WEX Wins Round In Payment Providers' Suit Over $1.7B Deal

By Bonnie Eslinger

A High Court judge has said that the main concern for trial focuses on whether a material adverse effect clause in the deal was triggered. (AP Photo/Kirsty Wigglesworth)

Judge Sara Cockerill ruled at the High Court on Monday on several preliminary issues in the case, noting that the main concerns for trial revolve around whether a material adverse effect clause in the deal was triggered.

That includes assessing whether a "carve-out" in the clause for pandemics would not apply because — as WEX Inc. has argued — the businesses it agreed to buy were disproportionately hit by the pandemic "compared to other participants in the industries in which [they] operate."

WEX has sought to pull out of the agreement by arguing that Optal Ltd. and eNett International (Jersey) Ltd. were affected by the pandemic to a greater extent than the rest of the payments industry.

Judge Cockerill ruled in favor of WEX in her Monday ruling. She found that the impact on Optal and eNett should be measured against the broader payments industry, saying "there is no travel payment industry."

The lawsuit — filed by the sellers behind the deal, private equity-backed Travelport — seeks to force WEX to go through with the $1.7 billion deal. The transaction was inked on Jan. 24, a week before the World Health Organization declared the coronavirus outbreak a public health emergency of international concern.

The resulting government measures across the globe included restrictions on travel, leading to falling demand across the industry, including for payments to and from companies within the travel industry.

Judge Cockerill noted in her ruling that, during a trial on the preliminary matters in September, the sellers provided evidence showing that WEX had touted the acquisition in a presentation to investors as a strategic acquisition that "strengthens its position in the Travel Payments Industry." But she said the sellers' characterization of the deal was oversimplified.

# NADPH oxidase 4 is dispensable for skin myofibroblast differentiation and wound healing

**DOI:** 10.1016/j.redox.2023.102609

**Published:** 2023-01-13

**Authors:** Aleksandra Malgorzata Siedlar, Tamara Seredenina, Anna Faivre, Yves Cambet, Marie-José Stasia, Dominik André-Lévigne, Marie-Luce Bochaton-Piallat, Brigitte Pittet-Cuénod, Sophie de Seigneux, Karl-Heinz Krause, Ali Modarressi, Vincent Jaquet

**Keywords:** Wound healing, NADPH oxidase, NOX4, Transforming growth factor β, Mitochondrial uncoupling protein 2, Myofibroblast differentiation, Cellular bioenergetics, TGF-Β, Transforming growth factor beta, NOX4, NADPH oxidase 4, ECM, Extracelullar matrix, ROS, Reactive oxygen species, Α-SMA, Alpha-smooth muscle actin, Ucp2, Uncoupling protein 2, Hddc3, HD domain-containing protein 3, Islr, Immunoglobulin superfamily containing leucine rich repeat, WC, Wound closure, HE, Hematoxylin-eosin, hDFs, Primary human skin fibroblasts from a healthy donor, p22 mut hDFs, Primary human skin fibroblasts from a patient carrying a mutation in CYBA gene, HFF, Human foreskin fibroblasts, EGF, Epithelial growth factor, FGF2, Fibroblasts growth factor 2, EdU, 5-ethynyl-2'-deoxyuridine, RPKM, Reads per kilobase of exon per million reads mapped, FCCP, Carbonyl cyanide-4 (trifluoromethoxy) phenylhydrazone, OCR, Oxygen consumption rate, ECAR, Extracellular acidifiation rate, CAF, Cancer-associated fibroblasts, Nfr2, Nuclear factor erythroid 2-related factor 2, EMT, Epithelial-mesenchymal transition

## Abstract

"While I entirely accept that WEX was very keen to buy the sellers' business from a travel specific perspective, and that that was a —  and probably the single most — significant, driver for the deal, that is not all of the story," the judge said.

WEX's witnesses said that the acquisition would be used to gain a hold on a wider range of markets, which she accepted.

"The conclusion to which I come in relation to the objective purpose of the transaction was that this was not a deal with a single purpose," the judge said.

Linked to that decision was whether the comparative industry was the broader "business to business" industry or the "travel payments industry," which was what Travelport had argued.

Judge Cockerill noted that witnesses at the trial had said that "travel payments industry" was a familiar phrase but none on either side said it was a standard term.

Accordingly, the judge found that Optal and eNett operate in the wider payments industry and the business-to-business payments industry for purposes of comparison.

The sellers filed their lawsuit in May, alleging that WEX breached the terms of the agreement and should be required to complete the purchase.

They say that most of eNett's and Optal's revenues comes from their so-called travel payments business — in which they provide payment services such as virtual credit cards to online travel agencies — and that their rivals were all affected by the pandemic in the same way.

During the trial on the preliminary questions in September, a lawyer for the sellers, Richard Hill QC of 4 Stone Buildings, argued that WEX's efforts to have the companies treated as operating in the general payments industry would widen the pool of peers on which to assess the effects of COVID-19 to an "impracticable" scale.

The case has been moving on an expedited basis, as WEX told the court the acquisition hinges on financing terms that are set to expire. Hill said at a hearing on Monday that a revised cut-off date is April 22, 2021 and that he hopes the follow-up trial in the case will be "finished and decided by then."

The judge refused the sellers permission to appeal the ruling, although they could still apply directly to the Court of Appeal to weigh in.

Despite the setback, Hill said the fight is not over.

"It's very difficult and impractical to say there's some overall result, because we don't know what the result is going to be until the second trial," the lawyer told the court.

The claimants are represented by Richard Hill QC, Andrew de Mestre QC and Lara Hassell-Hart of 4 Stone Buildings, and Sa'ad Hossain QC, Sebastian Isaac and Tim Goldfarb of One Essex Court, instructed by Macfarlanes LLP and Herbert Smith Freehills.

WEX is represented by Sonia Tolaney QC, James MacDonald, Emma Jones and Andrew Lodder of One Essex Court, instructed by Freshfields Bruckhaus Deringer LLP.

The cases are Olding and others v. WEX Inc., and Travelport Ltd. and others v. WEX Inc., case numbers CL-2020-000288 and CL-2020-000287, in the Commercial Court, Queen's Bench Division of the High Court of Justice of England and Wales.

--Additional reporting by Joanne Faulkner, Elise Hansen and Paige Long. Editing by Ed Harris.